Heavy rains and strong winds are usual weather events in British Columbia this time of year. If you’re a forest owner with streams on your property, minimising negative impacts to water quality and fish and wildlife habitat are crucial forest stewardship objectives.
PFLA is committed to helping forest owners protect BC’s abundant streams, rivers, lakes and watercourse, not to mention investments you’ve made in your access structures.
Below is a reminder of some of PFLA’s best management practices for managing the seasonal influx of water onto your property.
Road management IS water management.
A well-planned and constructed roadway will minimize potential problems, but a regular maintenance program is needed to ensure the long-term stability of a road system. In most cases you’ll be able to carry out an effective road maintenance program with hand tools, some gravel and a truck.
Regular inspections should be carried out, with additional checks after heavy rains.
New roads and roads with heavy traffic should get special attention—a little shovel work early in the season can prevent larger problems later on. Potential trouble areas, such as wet spots, culverts and steep grades should be noted.
After storms or heavy rainfall, branches, leaves and debris can block ditches, culverts and crossing structures. Once it’s safe, drive or walk along your roads and trails. Check to make sure:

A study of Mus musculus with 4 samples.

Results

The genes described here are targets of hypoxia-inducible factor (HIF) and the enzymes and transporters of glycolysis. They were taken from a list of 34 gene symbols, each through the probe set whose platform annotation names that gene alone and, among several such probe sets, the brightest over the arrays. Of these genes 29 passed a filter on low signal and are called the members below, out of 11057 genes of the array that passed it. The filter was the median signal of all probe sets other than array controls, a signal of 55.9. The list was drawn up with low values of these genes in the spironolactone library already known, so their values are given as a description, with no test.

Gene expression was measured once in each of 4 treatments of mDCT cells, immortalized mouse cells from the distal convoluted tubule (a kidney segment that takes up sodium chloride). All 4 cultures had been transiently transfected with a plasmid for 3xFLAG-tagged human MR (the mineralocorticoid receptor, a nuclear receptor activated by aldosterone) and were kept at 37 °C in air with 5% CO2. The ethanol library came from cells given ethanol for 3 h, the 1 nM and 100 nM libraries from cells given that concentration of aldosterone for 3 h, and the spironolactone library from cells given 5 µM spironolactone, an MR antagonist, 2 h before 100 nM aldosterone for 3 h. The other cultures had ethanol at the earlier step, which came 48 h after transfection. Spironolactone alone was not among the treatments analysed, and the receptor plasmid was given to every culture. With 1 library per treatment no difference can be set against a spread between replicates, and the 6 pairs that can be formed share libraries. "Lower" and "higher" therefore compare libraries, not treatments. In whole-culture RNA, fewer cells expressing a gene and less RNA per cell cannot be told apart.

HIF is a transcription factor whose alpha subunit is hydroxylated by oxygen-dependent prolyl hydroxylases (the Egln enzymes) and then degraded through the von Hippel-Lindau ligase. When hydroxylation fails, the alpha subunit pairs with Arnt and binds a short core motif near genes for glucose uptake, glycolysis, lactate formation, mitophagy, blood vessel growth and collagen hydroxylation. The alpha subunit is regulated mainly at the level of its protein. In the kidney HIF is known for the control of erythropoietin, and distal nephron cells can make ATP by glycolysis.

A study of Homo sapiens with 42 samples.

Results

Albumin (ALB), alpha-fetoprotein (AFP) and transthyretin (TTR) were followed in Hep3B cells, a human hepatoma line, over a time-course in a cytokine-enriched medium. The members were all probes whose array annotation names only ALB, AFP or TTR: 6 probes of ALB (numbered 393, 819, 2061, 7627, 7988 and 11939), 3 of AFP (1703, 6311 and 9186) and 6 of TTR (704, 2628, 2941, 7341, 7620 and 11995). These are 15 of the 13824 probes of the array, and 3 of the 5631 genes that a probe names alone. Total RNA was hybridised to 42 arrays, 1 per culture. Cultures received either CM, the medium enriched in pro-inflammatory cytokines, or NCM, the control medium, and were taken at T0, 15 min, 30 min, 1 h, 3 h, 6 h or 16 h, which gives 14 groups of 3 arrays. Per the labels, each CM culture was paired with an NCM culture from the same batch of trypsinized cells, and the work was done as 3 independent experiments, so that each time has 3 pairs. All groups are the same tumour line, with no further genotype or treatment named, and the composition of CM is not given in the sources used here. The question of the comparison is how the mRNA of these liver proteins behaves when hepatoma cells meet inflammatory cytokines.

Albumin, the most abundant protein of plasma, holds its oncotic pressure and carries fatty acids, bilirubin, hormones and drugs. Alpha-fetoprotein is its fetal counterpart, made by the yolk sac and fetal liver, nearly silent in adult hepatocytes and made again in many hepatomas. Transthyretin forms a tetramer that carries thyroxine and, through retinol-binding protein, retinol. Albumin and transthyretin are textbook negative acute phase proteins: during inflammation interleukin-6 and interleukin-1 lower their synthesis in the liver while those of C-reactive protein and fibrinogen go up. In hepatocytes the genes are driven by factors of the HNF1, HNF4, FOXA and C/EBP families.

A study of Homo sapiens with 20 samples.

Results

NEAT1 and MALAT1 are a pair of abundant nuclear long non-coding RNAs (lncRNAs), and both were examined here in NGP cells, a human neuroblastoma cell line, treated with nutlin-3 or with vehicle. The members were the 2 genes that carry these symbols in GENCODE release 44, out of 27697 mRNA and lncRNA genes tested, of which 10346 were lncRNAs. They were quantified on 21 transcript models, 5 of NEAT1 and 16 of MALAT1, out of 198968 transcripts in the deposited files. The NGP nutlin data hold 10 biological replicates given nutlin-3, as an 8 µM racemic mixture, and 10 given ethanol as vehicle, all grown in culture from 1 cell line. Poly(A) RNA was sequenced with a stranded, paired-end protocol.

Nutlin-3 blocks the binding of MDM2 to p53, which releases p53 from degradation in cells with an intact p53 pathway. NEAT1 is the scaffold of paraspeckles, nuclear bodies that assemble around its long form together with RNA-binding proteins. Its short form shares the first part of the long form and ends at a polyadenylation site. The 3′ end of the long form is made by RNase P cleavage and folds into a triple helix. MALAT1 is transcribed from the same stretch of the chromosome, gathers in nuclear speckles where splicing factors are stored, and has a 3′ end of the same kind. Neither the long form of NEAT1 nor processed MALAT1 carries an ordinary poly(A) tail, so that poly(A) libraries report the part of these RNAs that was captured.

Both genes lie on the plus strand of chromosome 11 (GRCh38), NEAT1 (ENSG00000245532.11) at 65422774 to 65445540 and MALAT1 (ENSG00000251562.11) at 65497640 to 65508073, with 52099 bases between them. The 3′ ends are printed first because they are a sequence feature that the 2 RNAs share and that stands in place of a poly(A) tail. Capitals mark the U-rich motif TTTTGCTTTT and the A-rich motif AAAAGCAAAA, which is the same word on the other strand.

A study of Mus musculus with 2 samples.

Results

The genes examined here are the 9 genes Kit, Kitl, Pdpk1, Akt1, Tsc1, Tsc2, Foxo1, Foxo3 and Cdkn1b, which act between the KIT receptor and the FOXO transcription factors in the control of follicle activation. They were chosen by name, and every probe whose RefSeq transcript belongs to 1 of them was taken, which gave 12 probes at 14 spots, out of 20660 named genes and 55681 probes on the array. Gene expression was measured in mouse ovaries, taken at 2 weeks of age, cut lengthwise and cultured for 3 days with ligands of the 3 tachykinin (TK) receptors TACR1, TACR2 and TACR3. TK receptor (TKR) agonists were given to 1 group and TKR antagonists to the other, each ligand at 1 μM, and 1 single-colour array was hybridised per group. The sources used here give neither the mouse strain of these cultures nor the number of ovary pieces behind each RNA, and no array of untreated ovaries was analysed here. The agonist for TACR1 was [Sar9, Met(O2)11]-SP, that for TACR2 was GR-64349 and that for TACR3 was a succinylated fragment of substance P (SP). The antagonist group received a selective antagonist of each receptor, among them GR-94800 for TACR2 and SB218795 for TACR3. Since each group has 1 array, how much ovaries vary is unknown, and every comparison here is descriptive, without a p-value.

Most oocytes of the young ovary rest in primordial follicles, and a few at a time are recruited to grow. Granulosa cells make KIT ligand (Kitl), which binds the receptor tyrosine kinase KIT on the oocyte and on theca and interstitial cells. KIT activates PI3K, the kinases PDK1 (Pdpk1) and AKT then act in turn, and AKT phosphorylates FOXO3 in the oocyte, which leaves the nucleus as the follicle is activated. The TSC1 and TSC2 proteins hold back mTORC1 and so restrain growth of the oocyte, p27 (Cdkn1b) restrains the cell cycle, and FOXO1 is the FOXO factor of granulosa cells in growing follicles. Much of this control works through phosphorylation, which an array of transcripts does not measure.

- Ditches are functional
- Culverts are unobstructed
- Cross ditches are intact and operational
Maintenance inspections — Check all drainage structures and remove debris from ditches and culverts. Watch ditches for flooding or signs of bank erosion that may signal the need for more, or larger, culverts. Check inlets and outlets of culverts for scouring.
Road grading — Carried out as needed to maintain road shape and surface, depending on the size of operations and frequency of use. Ruts and potholes should be filled in before spring rains. Spur roads not needed all the time, can be put to ‘bed’ by digging short drainage ditches (water bars) across them to control winter and spring runoffs.
Water bars — Constructed by excavator, grader, or hand tools, water bars are an effective means of directing road run-off away from the running surface of the road and into drainage structures or filter strips.
The key is to minimise opportunities for water to concentrate and gain momentum. Think about and find ways to disperse water—get it away from where it might interact with passing equipment, trucks, and vehicles, or come into contact with erodible materials.
A slightly cambered road running surface is also a very effective means to ensure that water is dispersed in small, slow moving quantities rather than being allowed to form rivulets on the road surface.
Grader berms — A berm is a wall or mound of dirt that keeps rainwater within a defined area. Left entire they direct water and separate road run off from ditch water for long distances. With carefully positioned breaks (gaps) they can be used to collect water from certain spots and deposit water in others. With no grader berms, road run off is less likely to concentrate and gain velocity, and will leave the road wherever the slope permits.
Cut banks can be vegetated to combat erosion. Fast-establishing vegetation, particularly clovers and grasses, are probably the most effective and economical tool for stabilising fine sediment sources.
There are several commercial seed mixes available for varying roadside conditions (e.g., sunny, shady, wet or dry). If possible, carry grass seed and hand tools in your machines and vehicles and seed disturbed areas when conditions are favourable for good germination.
A wise landowner once said, “Carry a shovel and fix small problems before they become major problems.”